Singer Stromae to return to father's homeland Rwanda

Friday October 16 2015

Motorcyclists ride past signs for an upcoming concert by Belgian pop sensation, Paul Van Haver aka. Stromae on October 15, 2015 in Kigali. AFP PHOTO | TONY KARUMBA

Stromae, the French-speaking world's singing superstar, arrives in Rwanda Friday, birthplace of his father who was killed in the 1994 genocide.

The singer, who broke off an African tour in June after falling sick to the huge disappointment of fans, plays his first concert in Rwanda on Saturday, after performances in neighbouring Democratic Republic of Congo.

"I am very happy to see him return to his country of origin," said 20-year old fan Olivier Havugimana in Kigali, where excitement is mounting at the singer's visit.

Stromae, alias Paul Van Haver, 30, was born to Belgian mother and Rwandan father Pierre Rutare, an architect, who was among the estimated 800,000 slaughtered in the 1994 genocide.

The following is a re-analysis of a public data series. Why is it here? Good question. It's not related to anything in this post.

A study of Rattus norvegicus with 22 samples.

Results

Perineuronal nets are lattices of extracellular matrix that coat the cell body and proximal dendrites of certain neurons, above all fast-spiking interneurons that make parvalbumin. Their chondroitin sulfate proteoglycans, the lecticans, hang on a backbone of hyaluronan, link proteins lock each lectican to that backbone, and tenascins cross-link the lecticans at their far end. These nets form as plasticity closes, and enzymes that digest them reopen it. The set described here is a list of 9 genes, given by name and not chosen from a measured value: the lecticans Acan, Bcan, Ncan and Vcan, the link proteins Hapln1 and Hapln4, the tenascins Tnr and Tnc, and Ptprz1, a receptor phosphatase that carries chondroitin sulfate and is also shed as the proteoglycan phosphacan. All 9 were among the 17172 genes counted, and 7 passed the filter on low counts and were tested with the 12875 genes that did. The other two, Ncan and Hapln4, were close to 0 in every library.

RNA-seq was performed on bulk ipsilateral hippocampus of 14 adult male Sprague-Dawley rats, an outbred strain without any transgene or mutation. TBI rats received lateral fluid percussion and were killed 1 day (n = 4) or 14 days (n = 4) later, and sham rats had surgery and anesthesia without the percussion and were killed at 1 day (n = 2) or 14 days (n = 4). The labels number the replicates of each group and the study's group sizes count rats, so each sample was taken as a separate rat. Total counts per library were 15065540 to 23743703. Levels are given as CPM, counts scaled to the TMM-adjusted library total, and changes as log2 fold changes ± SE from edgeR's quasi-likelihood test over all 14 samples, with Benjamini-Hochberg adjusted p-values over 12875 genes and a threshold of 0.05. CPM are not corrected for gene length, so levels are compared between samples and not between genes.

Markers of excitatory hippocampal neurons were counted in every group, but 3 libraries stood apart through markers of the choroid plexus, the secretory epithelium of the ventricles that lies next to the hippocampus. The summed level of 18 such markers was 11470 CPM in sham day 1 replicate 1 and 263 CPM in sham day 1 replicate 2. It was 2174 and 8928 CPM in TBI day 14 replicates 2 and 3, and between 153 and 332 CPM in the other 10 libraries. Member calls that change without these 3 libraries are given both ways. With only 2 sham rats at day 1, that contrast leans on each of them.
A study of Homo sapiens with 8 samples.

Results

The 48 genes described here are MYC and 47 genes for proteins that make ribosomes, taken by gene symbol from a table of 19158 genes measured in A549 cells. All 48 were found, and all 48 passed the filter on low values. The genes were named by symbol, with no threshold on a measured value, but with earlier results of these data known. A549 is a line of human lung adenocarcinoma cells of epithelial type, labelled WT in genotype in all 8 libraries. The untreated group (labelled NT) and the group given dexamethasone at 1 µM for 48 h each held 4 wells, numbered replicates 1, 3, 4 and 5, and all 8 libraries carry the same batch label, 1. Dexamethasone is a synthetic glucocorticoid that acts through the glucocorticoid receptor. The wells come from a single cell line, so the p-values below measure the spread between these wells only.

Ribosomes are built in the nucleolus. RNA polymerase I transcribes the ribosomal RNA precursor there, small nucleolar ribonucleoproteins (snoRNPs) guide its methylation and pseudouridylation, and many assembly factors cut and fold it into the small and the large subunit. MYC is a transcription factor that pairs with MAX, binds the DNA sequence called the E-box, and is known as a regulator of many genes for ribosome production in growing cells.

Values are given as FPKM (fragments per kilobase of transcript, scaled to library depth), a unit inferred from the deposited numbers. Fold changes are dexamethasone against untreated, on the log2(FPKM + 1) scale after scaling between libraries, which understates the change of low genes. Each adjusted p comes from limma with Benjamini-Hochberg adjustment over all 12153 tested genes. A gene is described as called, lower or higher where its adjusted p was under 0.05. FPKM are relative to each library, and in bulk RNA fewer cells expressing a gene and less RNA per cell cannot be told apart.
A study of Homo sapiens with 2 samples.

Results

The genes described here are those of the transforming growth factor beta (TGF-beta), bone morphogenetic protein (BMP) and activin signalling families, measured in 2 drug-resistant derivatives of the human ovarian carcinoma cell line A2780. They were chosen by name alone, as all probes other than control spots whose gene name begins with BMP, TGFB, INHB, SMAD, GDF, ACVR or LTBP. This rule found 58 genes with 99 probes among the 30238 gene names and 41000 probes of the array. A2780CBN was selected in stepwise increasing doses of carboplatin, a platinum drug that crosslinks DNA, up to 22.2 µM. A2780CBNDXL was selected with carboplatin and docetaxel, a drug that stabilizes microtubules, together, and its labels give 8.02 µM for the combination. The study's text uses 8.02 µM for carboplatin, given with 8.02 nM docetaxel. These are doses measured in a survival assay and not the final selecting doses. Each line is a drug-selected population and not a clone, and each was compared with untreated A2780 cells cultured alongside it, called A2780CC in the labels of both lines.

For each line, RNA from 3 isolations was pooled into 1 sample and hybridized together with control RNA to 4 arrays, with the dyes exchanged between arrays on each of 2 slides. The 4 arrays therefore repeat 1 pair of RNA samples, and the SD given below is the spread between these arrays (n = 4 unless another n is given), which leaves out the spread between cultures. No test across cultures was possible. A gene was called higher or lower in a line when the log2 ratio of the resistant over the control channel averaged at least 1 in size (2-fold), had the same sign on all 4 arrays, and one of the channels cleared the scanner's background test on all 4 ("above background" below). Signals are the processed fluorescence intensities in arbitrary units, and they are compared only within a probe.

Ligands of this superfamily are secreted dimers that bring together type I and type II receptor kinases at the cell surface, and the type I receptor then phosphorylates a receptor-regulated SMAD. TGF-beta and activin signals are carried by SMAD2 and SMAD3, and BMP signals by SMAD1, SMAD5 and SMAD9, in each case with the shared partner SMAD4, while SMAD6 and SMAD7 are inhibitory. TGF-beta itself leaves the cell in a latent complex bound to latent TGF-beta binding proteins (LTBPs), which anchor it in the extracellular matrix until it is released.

The singer is expected make a private visit to Rwanda's genocide memorial in Kigali, as well as meet with family members who survived.

In Kigali, large posters dot the capital, and sound technicians are busy preparing the stage at a university for the concert.


The genre-merging Belgian singer, who earlier this month played in New York's Madison Square Garden —  only the third French-language artist to play the self-described "World's Most Famous Arena" after Charles Aznavour and Celine Dion — is to perform in front of some 20,000 people in Kigali on Saturday evening.

Stromae has won a huge following in Belgium and France for his tunes, including his 2009 hit 'Alors on danse', which are danceable but also introspective with themes including the absence of his Rwandan father.

Malendo Pierrot, 56, said he remembers Stromae's father, playing on the same basketball team, and only recently learned of the fame of the son of his late friend when reading a magazine.

"When I saw him for the first time, I said, it's the son of Pierre...he looks like Pierre, especially the eyes," he told AFP. "It's a very good thing for him to return home - and make contact with its origins."

Concert organisers Judo Kanobana has said that while the concert is the last leg in a long tour, the performance will hold "a lot of emotion" for the singer.